We didn’t have much money when I was growing up, so when the yearly shopping expedition for school clothing came around a familiar pattern emerged. My brother and I would choose our jackets, then my Mum would run her fingers around the seams and give the zip a bloody good yank. Eventually an item that met her strict criteria would be found, and we could all sit down for a burger at Huckleberry’s – an ersatz McDonald’s also serving onion rings, which counted as exotic food back in 1980s Southampton.
I’ve found myself running my fingers along the seams more and more lately, both literally and metaphorically. Occasionally I’ll tut, and I’ve even emitted the odd “eeeh”. That’s right, I’m turning into my Mother. Still, since those halcyon days of greasy onion rings on the precinct, there’s been an explosion of disposable consumer goods and it’s getting harder to know how, and where, to find genuine quality.
That’s where Tara Button comes in. She founded the website Buy Me Once to address the issue, and she’s written a book that sets out a great foundation for a more responsible, happier relationship with shopping…and, perhaps, life in general. We sat down for a quick chat about advertising and what makes a good product.
What inspired you to write “A Life Less Throwaway”?
I’d come up with this website where you only found things that you wanted to bring into your life for a lifetime, if you were looking for more sustainable and more durable options than the current disposable shopping situation. That was a practical tool, but the whole philosophy that sits behind why you should buy for life – you can’t really get it across in a tweet or a Facebook post, it needed a larger medium that sets it all out. Why we consume the way we do, why it’s a broken system, why it’s damaging us and how we can change that.
“A Life Less Throwaway” pulls aside the curtain on the seductive world of advertising and marketing. For those who haven’t yet read it, are there any simple ways to defend ourselves against their tactics?
The very simplest is to look at them sceptically – to be awake in your mind, to be critical. When you see a model looking down her nose at you, realise that what they’re trying to do is make you feel like she has a higher status than you, so that you buy what she has.
The best defence against advertising is being mindful and pre-planning what you want to bring into your life. If you’re bumbling through and you haven’t really thought about it you can be very easily swayed by advertising…so if you think about what’s important to you and what your values are, then you’re being much more proactive about what you consume.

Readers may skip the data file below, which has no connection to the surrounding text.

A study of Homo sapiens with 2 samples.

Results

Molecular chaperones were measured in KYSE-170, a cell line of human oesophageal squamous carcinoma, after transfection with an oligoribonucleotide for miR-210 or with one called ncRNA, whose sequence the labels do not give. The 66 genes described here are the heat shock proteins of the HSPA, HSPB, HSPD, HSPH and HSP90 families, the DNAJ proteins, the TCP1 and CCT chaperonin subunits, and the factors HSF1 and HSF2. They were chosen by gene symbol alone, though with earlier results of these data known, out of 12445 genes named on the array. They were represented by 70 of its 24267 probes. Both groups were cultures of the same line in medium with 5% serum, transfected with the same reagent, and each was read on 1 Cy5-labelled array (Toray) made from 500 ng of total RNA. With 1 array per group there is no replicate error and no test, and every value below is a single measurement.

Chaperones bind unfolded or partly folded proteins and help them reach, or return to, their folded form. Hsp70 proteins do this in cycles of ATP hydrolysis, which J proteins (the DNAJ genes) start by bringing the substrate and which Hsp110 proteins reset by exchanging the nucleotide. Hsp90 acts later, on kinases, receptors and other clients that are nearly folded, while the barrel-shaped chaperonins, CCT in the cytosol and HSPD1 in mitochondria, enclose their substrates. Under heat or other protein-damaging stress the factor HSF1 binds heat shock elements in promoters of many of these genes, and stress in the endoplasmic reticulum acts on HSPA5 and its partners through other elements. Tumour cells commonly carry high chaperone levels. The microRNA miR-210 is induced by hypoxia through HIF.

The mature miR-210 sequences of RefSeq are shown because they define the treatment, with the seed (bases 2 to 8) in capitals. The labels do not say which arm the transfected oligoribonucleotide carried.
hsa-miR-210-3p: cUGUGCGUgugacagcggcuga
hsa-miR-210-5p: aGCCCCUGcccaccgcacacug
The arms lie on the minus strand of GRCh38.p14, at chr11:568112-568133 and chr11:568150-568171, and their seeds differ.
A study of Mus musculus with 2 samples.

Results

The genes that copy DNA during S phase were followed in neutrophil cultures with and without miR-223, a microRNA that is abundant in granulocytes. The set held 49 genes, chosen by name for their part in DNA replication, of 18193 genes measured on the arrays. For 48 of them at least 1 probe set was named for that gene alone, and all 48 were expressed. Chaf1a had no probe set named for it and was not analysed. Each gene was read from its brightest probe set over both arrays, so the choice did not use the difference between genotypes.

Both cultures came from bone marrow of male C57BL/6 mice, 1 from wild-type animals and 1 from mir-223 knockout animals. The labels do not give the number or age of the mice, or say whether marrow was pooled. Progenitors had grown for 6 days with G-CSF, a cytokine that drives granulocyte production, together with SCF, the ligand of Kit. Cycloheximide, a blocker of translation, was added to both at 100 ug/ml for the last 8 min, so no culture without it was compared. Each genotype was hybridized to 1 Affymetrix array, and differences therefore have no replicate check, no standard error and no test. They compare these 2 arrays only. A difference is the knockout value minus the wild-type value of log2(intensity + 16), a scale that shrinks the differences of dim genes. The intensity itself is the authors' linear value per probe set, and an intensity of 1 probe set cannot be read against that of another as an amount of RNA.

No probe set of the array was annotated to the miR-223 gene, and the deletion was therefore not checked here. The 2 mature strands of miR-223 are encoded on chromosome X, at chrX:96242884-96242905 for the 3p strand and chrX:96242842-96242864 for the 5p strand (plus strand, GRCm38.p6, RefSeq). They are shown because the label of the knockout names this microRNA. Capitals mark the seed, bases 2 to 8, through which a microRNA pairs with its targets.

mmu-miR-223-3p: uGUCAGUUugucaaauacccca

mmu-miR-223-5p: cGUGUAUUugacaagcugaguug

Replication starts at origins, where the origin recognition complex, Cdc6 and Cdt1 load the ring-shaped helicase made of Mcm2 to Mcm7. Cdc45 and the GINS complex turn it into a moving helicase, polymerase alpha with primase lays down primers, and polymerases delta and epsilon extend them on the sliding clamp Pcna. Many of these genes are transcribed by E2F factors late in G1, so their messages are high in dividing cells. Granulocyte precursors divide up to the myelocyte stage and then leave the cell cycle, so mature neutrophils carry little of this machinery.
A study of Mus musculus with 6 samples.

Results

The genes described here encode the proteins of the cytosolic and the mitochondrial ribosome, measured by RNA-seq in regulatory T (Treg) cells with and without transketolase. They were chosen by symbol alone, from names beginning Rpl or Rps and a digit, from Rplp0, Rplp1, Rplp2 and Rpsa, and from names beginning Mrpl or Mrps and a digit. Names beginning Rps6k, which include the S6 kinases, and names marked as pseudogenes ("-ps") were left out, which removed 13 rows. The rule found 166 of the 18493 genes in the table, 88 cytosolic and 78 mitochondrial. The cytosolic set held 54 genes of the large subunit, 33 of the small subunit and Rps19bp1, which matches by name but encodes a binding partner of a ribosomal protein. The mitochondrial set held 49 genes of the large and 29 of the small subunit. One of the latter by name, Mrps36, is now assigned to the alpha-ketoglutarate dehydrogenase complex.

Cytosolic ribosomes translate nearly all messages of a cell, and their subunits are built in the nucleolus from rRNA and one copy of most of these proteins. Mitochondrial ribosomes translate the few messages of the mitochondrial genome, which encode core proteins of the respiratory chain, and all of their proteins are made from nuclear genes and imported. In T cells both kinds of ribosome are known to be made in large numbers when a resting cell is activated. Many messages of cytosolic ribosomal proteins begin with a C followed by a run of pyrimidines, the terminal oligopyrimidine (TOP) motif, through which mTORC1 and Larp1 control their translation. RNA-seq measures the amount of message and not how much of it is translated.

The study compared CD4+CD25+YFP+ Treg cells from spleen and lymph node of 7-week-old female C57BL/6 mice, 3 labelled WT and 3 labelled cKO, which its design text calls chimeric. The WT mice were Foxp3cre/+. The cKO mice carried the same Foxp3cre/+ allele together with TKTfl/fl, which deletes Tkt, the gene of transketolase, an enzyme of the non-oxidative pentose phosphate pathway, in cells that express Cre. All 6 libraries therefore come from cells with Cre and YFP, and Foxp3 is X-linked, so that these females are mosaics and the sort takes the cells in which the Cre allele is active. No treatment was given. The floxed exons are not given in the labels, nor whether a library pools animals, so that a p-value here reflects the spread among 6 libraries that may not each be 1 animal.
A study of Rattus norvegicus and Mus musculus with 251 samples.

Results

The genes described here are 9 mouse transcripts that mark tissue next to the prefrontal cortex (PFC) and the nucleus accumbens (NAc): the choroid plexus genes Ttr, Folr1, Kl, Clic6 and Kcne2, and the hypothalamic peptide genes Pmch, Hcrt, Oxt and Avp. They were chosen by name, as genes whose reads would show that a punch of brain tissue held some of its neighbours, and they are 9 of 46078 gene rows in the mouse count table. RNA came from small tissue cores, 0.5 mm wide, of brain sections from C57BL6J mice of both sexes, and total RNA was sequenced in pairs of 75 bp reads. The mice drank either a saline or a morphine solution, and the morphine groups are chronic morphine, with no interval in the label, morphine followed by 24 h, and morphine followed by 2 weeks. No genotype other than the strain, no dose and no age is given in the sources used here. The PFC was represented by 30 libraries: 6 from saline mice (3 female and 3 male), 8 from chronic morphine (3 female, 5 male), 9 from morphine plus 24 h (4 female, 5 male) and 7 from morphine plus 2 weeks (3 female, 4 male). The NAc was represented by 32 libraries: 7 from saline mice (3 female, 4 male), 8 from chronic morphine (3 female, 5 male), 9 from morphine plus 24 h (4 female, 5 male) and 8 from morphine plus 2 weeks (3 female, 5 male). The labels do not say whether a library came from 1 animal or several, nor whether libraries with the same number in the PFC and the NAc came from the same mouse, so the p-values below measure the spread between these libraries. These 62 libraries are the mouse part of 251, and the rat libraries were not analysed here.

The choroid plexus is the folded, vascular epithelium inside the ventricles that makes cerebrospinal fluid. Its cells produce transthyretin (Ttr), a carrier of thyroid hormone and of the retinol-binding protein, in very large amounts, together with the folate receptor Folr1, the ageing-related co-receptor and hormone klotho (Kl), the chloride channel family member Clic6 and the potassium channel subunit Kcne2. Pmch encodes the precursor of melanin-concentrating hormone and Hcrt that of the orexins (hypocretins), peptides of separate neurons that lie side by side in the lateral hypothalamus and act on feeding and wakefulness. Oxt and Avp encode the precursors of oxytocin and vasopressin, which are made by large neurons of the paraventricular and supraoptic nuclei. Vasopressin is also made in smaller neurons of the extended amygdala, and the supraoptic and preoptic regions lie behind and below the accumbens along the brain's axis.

You previously worked in advertising, which you describe as a “moral wasteland”; can you tell me a little more about that?
I found it difficult because some of the brands that I was working for weren’t necessarily adding to the happiness of humanity. So, I was selling chocolate and my brief was to increase chocolate consumption in children, which I found particularly difficult. There were a lot of high sugar, high fat brands that we managed to market as health foods, essentially. A lot of the messaging was based around this portrayal of perfect people with perfect lives – it was a little bit like what’s happening on Instagram, with everyone scrolling and seeing all these filtered lives and feeling that their lives aren’t as great. In real life there isn’t an Instagram filter following you around, there isn’t a hundred people with blow driers. I feel like advertising is damaging to people’s mental and social health.
There are some handy tips on how to find well made, long lasting products in “A Life Less Throwaway”. Do you have a particular product that ticks all your boxes?
There are a couple that I like for different reasons. I love my pen that has enough ink in it to last a lifetime – that’s pretty extraordinary, isn’t it? Then you’ve got Solidtekniks which have a multi-century warranty – they’ve been made in a way that people will be digging them up.
On the other side of things, there’s sustainability. Items like Elvis and Kresse, which come with a lifetime fixing guarantee but also are made out of recycled fireman’s hoses, they’re taking waste out of the system. I’d say that was a perfect example of a product that’s both sustainable and durable.
What are you working on at the moment?
We’re constantly researching, finding new brands. We just came back from the sustainable fashion summit in Copenhagen. The book is about to launch in America and I might be about to record some masterclasses as well, which will be pretty cool. We’re also looking to have “Buy Me Once” as a certification in its own right, so brands can display it on their packaging.